How far would you go for alcohol?

Going the Distance for Cheap Alcohol

Alcohol is expensive in Finland. I know it. You know it. Everyone knows it. It is known. For this reason, I travelled to a different country in order to load up on cheap alcohol.

It is what some might call a tradition to travel by ferry to Tallinn, Estonia, buy alcohol on the ferry back from Tallinn, and carry it home to the land of expensive alcohol, Finland. A big reason the booze is so cheap on the ferry is because it is overseas so there are no taxes. I am not a tax expert (I did use a spreadsheet once, though. Does that make me a tax expert?), but I know less taxes makes stuff cheaper. Also, why is everything not sold on boats.  I grew up in a harbor town (like Brandy) and I never saw people selling stuff on their boats. Did I just solve business? Shark Tank, here I come. I’m getting distracted.

Mr. Wonderful looks great. I just have to know his secret.

I decided to embark on this journey for alcohol for research purposes. If something is part of the culture, I should take part in it. Regardless of how much I enjoy spending lots of money on expensive alcohol, it is important for me to learn and experience the culture of Tampere. So, I reluctantly booked my ticket to Tallinn. It is pretty common to get a 22-hour ferry ticket where you travel to Tallinn, sleep on the ferry, walk around the city a bit in the morning, get back on the ferry in the early afternoon, and head back to Finland. I decided to stick around for a few extra days to do some sightseeing around Tallinn. It is beautiful. I highly recommend it, but pretty cities are not what we are here to talk about. We are here for cheap liquids, which is what my doctor says every time I donate blood.

Many people will use hand trucks or dollies to carry the alcohol off the ferry. Those can be tricky because you need to secure the alcohol to the dolly with like ropes or whatever and they are easily exposed to the elements. A friend of mine tried to use a dolly in the rain and it quickly destroyed the cardboard beer pack, which is not fun for anyone unless you like really foamy beers. If you do like really foamy beers, know that you are wrong.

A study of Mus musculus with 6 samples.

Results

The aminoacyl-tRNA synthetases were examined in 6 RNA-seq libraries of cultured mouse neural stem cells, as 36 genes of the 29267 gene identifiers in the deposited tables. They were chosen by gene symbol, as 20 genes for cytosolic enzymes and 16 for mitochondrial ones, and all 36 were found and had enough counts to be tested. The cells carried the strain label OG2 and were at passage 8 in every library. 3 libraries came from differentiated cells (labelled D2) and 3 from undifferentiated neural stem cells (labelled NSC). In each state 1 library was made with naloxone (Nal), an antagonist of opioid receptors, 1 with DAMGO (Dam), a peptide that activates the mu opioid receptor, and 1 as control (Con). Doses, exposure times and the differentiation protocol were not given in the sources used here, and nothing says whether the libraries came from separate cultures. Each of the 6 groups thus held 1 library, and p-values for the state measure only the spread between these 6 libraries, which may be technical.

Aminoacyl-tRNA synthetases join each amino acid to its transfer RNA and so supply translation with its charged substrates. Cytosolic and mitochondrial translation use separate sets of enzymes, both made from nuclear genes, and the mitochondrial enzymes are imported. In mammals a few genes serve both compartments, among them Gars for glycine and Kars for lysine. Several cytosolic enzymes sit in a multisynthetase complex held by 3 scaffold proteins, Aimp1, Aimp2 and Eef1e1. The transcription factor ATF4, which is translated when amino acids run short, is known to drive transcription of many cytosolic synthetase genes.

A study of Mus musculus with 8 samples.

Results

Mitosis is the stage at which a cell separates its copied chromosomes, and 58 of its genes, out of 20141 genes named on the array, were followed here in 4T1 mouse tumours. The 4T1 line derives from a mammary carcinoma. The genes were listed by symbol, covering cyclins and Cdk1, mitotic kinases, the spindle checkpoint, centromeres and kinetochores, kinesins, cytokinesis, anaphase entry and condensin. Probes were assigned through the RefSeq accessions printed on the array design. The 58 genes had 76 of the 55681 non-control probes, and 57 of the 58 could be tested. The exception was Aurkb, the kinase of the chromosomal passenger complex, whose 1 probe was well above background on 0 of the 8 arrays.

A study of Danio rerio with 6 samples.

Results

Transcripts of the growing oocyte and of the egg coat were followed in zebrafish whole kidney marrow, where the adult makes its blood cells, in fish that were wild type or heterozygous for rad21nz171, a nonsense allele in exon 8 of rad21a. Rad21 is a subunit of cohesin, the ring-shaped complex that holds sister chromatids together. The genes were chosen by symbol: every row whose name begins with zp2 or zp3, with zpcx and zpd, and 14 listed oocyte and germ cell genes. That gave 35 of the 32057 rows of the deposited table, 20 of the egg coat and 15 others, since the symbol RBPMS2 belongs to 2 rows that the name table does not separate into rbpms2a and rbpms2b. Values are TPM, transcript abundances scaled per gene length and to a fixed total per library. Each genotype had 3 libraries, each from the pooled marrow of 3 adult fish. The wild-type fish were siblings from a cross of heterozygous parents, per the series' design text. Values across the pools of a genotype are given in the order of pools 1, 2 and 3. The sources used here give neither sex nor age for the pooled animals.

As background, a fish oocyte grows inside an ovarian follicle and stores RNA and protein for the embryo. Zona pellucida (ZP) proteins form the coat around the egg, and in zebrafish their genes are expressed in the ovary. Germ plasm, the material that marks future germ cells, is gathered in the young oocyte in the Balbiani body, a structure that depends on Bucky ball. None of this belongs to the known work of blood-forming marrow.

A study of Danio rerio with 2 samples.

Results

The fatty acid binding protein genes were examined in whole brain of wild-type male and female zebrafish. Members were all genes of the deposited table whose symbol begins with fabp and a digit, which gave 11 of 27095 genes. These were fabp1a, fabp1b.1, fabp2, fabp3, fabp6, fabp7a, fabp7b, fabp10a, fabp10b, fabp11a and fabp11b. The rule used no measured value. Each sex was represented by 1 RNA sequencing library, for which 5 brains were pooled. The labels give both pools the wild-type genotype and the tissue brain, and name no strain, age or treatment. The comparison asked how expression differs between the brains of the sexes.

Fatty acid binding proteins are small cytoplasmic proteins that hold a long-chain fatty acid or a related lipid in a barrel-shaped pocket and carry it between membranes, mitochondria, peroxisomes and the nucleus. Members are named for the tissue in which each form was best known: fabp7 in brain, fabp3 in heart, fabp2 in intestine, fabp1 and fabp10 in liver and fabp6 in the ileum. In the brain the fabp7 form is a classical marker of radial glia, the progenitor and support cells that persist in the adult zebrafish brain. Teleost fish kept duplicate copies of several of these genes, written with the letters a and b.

Notice how they don’t have ropes and stuff. These are amateurs.

This other friend of mine (yes, I have more than one. You wouldn’t know them. They are from abroad. No need to look into it. These friends of mine totally exist. Ask my mom. She’ll tell you.) had the idea to use a large suitcase for much easier, weather-proof booze transport. This was a wonderful idea since it was wet and snowy when I got off the ferry.

When I got off the ferry, I took a bus to a bigger bus station. Side note, if anyone who was on that city bus is reading, I am sorry for taking up a lot of space with my suitcase. Anyway, the bigger busses at the bigger bus station took me from Helsinki back to Tampere where I tried to take another bus to my apartment. As mentioned, it was very snowy in Tampere (finally). After getting on the final bus to end my long, exhausting journey with this very heavy suitcase, I took a big sigh of relief because I was on the last leg of the journey. Then the bus decided to get stuck on the snowy road for a while. After many failed attempts to get up the hill, the bus driver opened the doors to let people out. I got off and figured I would just take the next bus. Then, they fixed the bus and it drove up the hill. I made a terrible judgement call…wait, what’s this? The bus only travelled a little further up the hill before getting stuck again. Phew. I was worried I was going to have to feel regret for a second there. Crisis averted. The next bus was already in sight. I was ready to fly up the hill and get back home.

They better close those doors; the bus might get cold.

The second bus got stuck on the same hill. I just want to go home! The bus driver got out of the bus, looked around at the tires, got back in the driver seat, turned his hat backwards, pulled up his bootstraps, did a backflip, and somehow got us up the hill. The bus erupted in cheers as we coasted all the way back to my apartment.

I plopped my suitcase on the floor and plopped myself on my bed. The bird was in the nest. By bird, I mean alcohol. By nest, I mean my room. After a long journey, I finally made it back with plenty of alcohol with which to treat wounds; I obviously won’t be drinking any of it (my parents read this or, at least, I send them links). Speaking of links, here is the link to the video I made of my journey. Thank you for reading. If you’ll excuse me, I have some wounds to treat.

My name is Dillon and this is my blog and video series, Exploring Tampere, where I experience Tampere’s culture while working with the Tampere Region 2026 team during my semester abroad at Tampere University. The Tampere region is currently applying to be the European Capital of Culture in 2026 which is wonderful timing since I love capitals and culture.